Symbolic Iron Yachts

Tuesday, June 1st, 2010

A great many countries fear attack by the United States, Fred Reed says — Russia, China, and Iran, for starters — but don’t have the money to build carrier groups:

All of these have thought about cheap ways to overcome the US behemoth. Four solutions soon came to hand:

  1. Very fast sea-skimming cruise missiles, such as the Brahmos and Brahmos II (Mach 5+).
  2. Supercavitating torpedoes, reaching speeds of over 200 miles an hour.
  3. Very quiet submarines, diesel-electrics in the case of poor countries.
  4. Anti-ship ballistic missiles, such as the one attributed to the Chinese.

Any military buff knows that the Navy cannot defend itself against these. It says it can. It has to say it can. In fleet exercises against submarines, the subs always win — easily. The Pentagon has been trying to invent defenses against ballistic missiles since the days of Reagan (remember Star Wars?) with miserable results. If you have close friends in the Navy, ask them over a few beers what scares the bejesus out of them. Easy: Swarms of fast, stealthy, sea-skimming cruise missiles with multi-mode terminal guidance.

Add to the brew that today’s ships are fragile, based on the assumption that they will never be hit. Go aboard a WWII battleship like the Iowa, BB-61 (I have) and you will find sixteen-inch belt armor and turrets designed to withstand an asteroid strike. Now go aboard a Tico-class Aegis boat (I have). You will find an electronic marvel with big screens in a darkened CIC and an amazing SPY-1 phased-array radar that one burst of shrapnel would take out of commission for many months.

Now note that cruise missiles have ranges in the hundreds of miles. Think: Persian Gulf. A cruise missile can be boxed and mounted on a truck, a fast launch, or a tramp steamer. The Chinese ballistic missile has a range of 1200 miles, enough to keep carriers out of aircraft range of Taiwan. I wonder whether the Chinese have thought of that?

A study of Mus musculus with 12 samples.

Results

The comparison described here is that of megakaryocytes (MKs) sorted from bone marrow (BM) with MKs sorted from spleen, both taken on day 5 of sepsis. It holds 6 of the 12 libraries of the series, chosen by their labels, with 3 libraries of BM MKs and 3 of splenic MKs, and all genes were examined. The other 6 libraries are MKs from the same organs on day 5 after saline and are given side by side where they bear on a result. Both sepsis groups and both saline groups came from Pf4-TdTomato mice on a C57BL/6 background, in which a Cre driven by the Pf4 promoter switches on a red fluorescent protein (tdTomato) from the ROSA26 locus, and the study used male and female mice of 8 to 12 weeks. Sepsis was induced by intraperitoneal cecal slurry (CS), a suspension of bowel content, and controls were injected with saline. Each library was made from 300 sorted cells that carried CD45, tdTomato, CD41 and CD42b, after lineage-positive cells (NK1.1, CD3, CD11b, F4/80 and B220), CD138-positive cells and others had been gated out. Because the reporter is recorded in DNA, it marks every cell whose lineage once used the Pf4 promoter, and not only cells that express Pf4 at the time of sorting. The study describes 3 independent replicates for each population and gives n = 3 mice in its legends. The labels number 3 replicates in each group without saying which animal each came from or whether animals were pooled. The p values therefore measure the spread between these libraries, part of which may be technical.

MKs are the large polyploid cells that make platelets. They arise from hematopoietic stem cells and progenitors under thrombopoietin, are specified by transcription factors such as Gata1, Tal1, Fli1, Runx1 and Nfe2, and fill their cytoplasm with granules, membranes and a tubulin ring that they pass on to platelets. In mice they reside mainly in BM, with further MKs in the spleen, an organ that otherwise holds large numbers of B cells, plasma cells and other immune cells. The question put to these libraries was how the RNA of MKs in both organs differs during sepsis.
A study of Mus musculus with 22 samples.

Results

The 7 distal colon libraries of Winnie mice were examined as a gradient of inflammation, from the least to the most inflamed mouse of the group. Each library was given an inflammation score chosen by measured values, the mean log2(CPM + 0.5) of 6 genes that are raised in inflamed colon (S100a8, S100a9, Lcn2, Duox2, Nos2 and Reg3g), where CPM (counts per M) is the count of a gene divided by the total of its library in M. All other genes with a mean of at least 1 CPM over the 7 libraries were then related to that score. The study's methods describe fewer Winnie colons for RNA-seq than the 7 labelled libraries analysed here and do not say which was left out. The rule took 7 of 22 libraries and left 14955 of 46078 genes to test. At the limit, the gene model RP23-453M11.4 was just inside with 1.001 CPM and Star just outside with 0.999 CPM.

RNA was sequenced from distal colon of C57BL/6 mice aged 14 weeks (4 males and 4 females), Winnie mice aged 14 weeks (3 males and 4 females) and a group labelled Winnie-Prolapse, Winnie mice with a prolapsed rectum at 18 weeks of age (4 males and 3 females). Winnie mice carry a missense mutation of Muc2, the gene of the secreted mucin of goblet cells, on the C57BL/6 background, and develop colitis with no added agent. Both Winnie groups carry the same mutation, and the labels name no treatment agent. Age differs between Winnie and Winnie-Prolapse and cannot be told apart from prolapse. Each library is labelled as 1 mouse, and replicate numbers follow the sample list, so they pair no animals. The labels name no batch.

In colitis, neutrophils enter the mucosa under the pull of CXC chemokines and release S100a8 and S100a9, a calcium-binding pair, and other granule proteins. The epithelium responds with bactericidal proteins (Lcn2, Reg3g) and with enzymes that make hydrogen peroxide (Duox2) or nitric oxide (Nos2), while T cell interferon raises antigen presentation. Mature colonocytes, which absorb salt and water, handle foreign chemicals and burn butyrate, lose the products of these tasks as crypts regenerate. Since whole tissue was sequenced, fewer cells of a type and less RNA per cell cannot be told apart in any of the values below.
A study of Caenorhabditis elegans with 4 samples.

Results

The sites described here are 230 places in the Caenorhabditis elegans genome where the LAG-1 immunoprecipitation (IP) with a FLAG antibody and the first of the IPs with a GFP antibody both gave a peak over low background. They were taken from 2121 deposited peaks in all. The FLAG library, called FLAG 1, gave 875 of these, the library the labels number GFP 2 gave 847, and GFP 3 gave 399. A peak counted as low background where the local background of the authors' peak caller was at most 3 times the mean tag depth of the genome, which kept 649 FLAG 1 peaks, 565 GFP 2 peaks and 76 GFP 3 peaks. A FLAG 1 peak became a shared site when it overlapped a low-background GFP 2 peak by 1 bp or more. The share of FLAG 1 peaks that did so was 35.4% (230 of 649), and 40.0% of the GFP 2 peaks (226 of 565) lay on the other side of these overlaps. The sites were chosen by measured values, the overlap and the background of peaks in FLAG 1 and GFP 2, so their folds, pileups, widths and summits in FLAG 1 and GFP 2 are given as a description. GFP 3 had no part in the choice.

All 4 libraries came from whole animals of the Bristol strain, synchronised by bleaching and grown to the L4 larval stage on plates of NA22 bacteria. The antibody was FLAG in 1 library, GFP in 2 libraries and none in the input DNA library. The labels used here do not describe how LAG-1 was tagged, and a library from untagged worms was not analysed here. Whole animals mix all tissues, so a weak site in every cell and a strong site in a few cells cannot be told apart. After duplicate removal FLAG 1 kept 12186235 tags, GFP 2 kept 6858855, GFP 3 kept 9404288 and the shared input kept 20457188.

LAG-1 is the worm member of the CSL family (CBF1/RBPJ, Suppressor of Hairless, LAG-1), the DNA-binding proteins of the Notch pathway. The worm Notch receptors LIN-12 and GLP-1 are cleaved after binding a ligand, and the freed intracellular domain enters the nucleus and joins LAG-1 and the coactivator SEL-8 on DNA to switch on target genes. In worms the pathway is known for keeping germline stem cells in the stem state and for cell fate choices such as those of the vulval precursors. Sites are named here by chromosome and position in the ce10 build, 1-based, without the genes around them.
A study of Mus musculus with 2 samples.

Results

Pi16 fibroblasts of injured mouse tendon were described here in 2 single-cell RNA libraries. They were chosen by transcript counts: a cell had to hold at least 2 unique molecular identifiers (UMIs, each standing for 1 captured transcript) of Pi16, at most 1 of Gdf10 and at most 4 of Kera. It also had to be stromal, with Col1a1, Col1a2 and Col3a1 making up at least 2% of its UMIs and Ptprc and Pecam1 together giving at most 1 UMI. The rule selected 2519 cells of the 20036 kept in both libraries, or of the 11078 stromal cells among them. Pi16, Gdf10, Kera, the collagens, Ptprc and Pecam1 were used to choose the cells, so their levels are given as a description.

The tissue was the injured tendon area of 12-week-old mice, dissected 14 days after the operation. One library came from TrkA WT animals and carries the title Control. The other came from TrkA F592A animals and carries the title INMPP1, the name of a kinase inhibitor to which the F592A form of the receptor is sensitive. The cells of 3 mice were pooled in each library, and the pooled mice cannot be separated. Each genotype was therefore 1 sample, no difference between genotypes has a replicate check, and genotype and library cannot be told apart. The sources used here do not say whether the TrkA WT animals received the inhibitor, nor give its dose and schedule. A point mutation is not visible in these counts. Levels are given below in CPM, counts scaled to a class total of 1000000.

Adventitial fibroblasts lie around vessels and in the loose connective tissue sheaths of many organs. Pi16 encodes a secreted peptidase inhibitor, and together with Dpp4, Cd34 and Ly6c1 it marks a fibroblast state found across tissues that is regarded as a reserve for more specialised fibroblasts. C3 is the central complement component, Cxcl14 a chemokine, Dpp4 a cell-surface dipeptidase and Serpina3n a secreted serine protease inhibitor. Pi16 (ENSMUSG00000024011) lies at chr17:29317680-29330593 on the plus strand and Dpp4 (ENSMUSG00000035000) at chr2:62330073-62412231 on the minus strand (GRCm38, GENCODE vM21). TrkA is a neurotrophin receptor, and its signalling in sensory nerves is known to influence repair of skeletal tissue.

The one thing the Navy can’t do is to admit any such weakness:

Today’s Navy will stay farther and farther out of harm’s way, which will be wise of it, and become an immensely pricey collection of symbolic iron yachts.

So what is the cavalry doing as it eyes machine guns and barbed wire? Buying a better horse. The Navy wants the Ford class (CVN 78) super-carrier, which I think might better be named the USS Thundertrinket. What will it do that the current Nimitz-class carriers don’t? Cost more (eight billion for the first copy, plus five billion R&D. A bargain.) To the uninitiated, that may seem a lot for a high-tech crossbow, but it will put lots of jobs in Norfolk, Virginia, and send money to military contractors.

(Hat tip to Mark Frazier.)


  1. Buckethead says:

    Carriers are an odd thing. They are a workaround to two problems — the slow speed of battleships and the limited range of aircraft. In the 1940s, this was a dynamite solution — get fast moving dive bombers into the general vicinity of enemy capital ships. The carriers themselves rarely saw an enemy ship.

    We’ve maintained that solution at great expense, but for the reasons listed in your post, their days are likely numbered. No ship can outrun a missile or a plane, and nowadays planes and missiles have intercontinental range. One reason that the navy is building the LCS is that it is cheap enough to put in harm’s way — not that they’d say it like that.

    The solution is diffusion — jeep carriers with a few F35′s, or better whole swarms of UCAVs. When there’s no single target, asymmetric tactics will have less impact. There will be no Goliath for their Davids to attack. Modern communications would allow our commanders to assemble strike packages from drones and planes coming off many decks, and mid-air refueling would give them legs. And we’d still be able to push in close when we need faster reaction times or a higher tempo.

    I don’t think this solution is that far from what we’ll end up with eventually; the question is when the Navy will admit that it’s built its last fleet carrier.